Clinical Effects of Dry Needling Among Asymptomatic Individuals With Hamstring Tightness: A Randomized Controlled Trial

in Journal of Sport Rehabilitation


Randomized controlled trial.

Objectives:

The aim of this study was to determine the effects of dry needling on hamstring extensibility and functional performance tests among asymptomatic individuals with hamstring muscle tightness.

Background:

Dry needling has been shown to increase range of motion in the upper quarter and may have similar effects in the lower quarter.

Methods:

27 subjects with hamstring extensibility deficits were randomly assigned to side of treatment (dominant or nondominant) and group (blunt needling or dry needling). The first session included measurement of hamstring extensibility and performance on 4 unilateral hop tests, instruction in home hamstring stretching exercises and needling distal to the ischial tuberosity and midbellies of the medial and lateral hamstrings. A second session, 3–5 days following the first session, included outcome measures and a second needling intervention, and a third session, 4–6 weeks following the first session, included outcome measures only. A 2 × 3 × 2 ANOVA was used to statistically analyze the data.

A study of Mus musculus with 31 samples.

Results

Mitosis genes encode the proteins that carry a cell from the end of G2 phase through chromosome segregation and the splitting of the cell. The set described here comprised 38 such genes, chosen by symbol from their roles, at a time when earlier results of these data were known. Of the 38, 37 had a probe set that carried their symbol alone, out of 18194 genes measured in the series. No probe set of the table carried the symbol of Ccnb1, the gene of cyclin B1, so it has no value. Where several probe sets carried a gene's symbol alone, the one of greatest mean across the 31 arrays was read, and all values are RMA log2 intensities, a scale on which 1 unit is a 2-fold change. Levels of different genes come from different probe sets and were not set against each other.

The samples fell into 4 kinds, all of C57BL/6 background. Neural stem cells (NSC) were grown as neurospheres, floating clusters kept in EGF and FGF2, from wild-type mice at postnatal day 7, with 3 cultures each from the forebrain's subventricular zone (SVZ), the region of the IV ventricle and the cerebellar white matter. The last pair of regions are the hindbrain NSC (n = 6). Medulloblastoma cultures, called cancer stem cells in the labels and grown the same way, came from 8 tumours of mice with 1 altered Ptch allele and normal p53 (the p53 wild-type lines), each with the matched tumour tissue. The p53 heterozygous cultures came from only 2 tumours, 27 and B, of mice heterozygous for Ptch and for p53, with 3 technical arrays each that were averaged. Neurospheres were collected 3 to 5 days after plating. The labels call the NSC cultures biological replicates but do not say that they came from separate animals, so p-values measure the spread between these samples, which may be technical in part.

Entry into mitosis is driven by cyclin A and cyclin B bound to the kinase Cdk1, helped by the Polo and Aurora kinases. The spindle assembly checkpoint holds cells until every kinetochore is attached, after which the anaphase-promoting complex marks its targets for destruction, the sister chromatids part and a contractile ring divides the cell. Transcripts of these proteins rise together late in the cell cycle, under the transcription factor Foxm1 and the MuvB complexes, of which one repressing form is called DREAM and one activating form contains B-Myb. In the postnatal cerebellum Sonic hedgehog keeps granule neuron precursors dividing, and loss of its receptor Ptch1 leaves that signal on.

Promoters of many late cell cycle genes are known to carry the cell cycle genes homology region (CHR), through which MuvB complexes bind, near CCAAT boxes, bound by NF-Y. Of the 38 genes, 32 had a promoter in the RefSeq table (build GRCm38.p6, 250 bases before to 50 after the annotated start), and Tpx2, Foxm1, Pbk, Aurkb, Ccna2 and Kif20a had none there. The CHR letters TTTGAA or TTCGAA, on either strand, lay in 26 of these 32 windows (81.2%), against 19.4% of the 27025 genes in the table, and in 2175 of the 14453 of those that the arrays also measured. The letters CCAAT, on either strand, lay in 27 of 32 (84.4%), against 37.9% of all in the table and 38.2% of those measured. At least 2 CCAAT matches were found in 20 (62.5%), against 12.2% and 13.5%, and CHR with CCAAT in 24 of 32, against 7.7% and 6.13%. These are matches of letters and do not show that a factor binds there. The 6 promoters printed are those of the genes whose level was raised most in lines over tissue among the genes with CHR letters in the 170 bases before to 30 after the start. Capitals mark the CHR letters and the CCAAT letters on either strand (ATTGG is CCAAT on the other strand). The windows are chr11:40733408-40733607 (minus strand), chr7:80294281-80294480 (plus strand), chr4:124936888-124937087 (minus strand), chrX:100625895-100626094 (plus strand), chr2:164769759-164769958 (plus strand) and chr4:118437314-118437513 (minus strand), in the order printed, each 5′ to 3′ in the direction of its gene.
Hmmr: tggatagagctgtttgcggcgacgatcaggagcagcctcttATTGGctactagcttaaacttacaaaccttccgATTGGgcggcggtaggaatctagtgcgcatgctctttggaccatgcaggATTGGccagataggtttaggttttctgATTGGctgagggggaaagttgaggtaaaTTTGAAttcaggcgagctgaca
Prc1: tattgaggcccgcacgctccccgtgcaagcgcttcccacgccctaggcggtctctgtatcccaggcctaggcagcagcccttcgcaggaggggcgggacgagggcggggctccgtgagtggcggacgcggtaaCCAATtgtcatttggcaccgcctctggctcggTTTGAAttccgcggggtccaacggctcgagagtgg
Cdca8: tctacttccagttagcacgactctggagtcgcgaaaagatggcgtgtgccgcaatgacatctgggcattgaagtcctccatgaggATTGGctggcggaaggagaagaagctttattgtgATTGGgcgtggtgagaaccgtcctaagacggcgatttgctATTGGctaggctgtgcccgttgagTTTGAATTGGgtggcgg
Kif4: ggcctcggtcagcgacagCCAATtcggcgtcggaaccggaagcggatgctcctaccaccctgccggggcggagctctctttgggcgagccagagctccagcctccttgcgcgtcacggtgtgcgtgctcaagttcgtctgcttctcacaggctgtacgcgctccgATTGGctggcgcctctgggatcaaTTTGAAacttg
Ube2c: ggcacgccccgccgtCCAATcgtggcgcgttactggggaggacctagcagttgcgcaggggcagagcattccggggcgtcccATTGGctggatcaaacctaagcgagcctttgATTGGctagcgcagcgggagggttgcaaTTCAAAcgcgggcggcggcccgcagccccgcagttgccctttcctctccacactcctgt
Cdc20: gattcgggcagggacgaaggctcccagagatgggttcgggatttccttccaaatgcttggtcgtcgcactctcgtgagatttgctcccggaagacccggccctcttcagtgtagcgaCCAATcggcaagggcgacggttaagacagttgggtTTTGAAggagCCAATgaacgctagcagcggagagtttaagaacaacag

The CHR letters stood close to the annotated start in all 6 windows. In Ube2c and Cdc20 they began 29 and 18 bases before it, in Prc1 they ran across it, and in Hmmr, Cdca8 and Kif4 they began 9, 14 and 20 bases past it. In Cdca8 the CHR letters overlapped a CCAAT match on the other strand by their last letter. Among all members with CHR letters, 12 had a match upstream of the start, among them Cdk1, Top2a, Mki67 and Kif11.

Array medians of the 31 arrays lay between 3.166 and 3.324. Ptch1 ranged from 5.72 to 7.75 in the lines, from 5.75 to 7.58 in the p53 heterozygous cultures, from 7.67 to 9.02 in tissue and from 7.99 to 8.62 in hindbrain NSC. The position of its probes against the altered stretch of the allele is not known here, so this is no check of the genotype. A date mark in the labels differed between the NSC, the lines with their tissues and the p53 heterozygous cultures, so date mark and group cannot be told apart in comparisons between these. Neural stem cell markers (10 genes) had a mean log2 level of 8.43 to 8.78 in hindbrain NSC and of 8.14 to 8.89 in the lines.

Results:

Hamstring extensibility showed a significant side × time interaction (P < .05). The single hop for distance, timed 6-meter hop, and the crossover hop test had a significant main effect of time (P < .05). The triple hop for distance showed a significant side × time × group interaction (P < .05).

Conclusions:

It does not appear dry needling results in increased extensibility beyond that of stretching alone in asymptomatic individuals. Our study findings suggest that dry needling may improve certain dimensions of functional performance, although no clear conclusion can be made. Level of Evidence: Intervention, level 2b.

The authors are with the Division of Physical Therapy, Dept of Rehabilitation Medicine, Emory University School of Medicine, Atlanta, GA.

Johanson (majohan@emory.edu) is corresponding author.